In 1898, a few Laramie women put out an announcement that they were calling all interested women to a meeting in the Albany County Courthouse to form a woman’s club for Laramie. Over 100 showed up.
That first exploratory meeting led to over 85 women becoming members of the new organization. The next year they affiliated with the state and national federations of women’s clubs.
There was some teasing from Laramie men; letters to the editor of the Laramie Boomerang in 1898 attest to that. The men worried that women would stop being “Mrs. Charles Bellamy,” becoming simply Mary Bellamy, and that they would be “trying [to be] independent” as members of such a club.
Despite this, 116 years later, the Laramie Woman’s Club is still going strong, with nearly the same number of members and many civic projects to their credit.
At the first regular meeting of the Club, interest areas with a chair for each were formed. They were mothers’, domestic science, social science, art, music, history, literature, and current events. Meetings were to have programs on these topics, a practice that continues today, though the interest areas have expanded.
The UW American Heritage Center holds some of the archives of the group. Documents there indicate early support for a public library (built in 1905); their letter-writing campaign to establish it began much earlier. By 1926 they were collecting artifacts of Laramie pioneers and speaking out on the need for a local history museum. They sought tuition assistance for a young man they would sponsor at Tuskegee Institute in Alabama. They supported programs in the past to bring books to people of all ages, including a book for every first grade student in Wyoming (a practice they have continued for Albany County first graders).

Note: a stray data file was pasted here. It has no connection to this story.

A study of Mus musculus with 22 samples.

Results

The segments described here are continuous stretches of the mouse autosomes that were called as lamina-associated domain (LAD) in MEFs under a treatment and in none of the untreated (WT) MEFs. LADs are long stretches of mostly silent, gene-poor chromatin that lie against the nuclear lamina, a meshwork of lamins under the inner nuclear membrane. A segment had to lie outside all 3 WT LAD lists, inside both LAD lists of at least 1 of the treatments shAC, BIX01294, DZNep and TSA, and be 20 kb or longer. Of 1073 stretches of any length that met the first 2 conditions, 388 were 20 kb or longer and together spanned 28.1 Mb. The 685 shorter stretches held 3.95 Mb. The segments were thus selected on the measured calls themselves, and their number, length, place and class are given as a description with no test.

Other civic improvement projects continue today. “Laramie Woman’s Club has become one of the foremost service clubs of Laramie,” says President Louise Richardson, “I am so proud to be a member.”
Then as now, this group has raised money for projects involving women and children caught up in domestic violence or extreme poverty. They give funds for things that “fall through the cracks” of government assistance programs, such as helping folks with immediate need for food, housing or medical assistance, or a kind gift to let them know that someone is thinking about them.
A major monetary assistance project has been the half million dollars that they have raised for special restoration projects at the Laramie Plains Museum. These funds come from their booths at a local flea market, with items donated by community residents or heirs when an estate needs liquidation.
Since the early days, the Club has advocated for change. In 1949 members began a post card and telegram campaign to achieve a state severance tax; and they opposed legalized gambling. At the same time, then and now, they have provided forums for speakers on a wide variety of local and international issues. They keep an eye on whether women are represented in elected governmental bodies, and have been known to encourage “fine and capable women” to seek office.
By Judy Knight
Caption: THEN: A few members of the Laramie Woman’s Club, January 1907 at a meeting to plan a special Woman’s Edition of the Laramie Boomerang. Those pictured (listed as they wanted to be referred to) are: Back row, l-r: Mrs. Wilson, Jeanette Naismith Harris, Mrs. Emma Howell Knight, and Mrs. J.J. Garlock. Second row, l-r: Mrs. Lida Eaton Fitch, Mrs. Mary G. Preston, and Mrs. Mary Godat Bellamy. Front row, l-r: Mrs. Eleanor Quackenbush Corthell and Mrs. Maud Southworth Buffum. Photo courtesy of S.H. Knight Collection, UW American Heritage Center.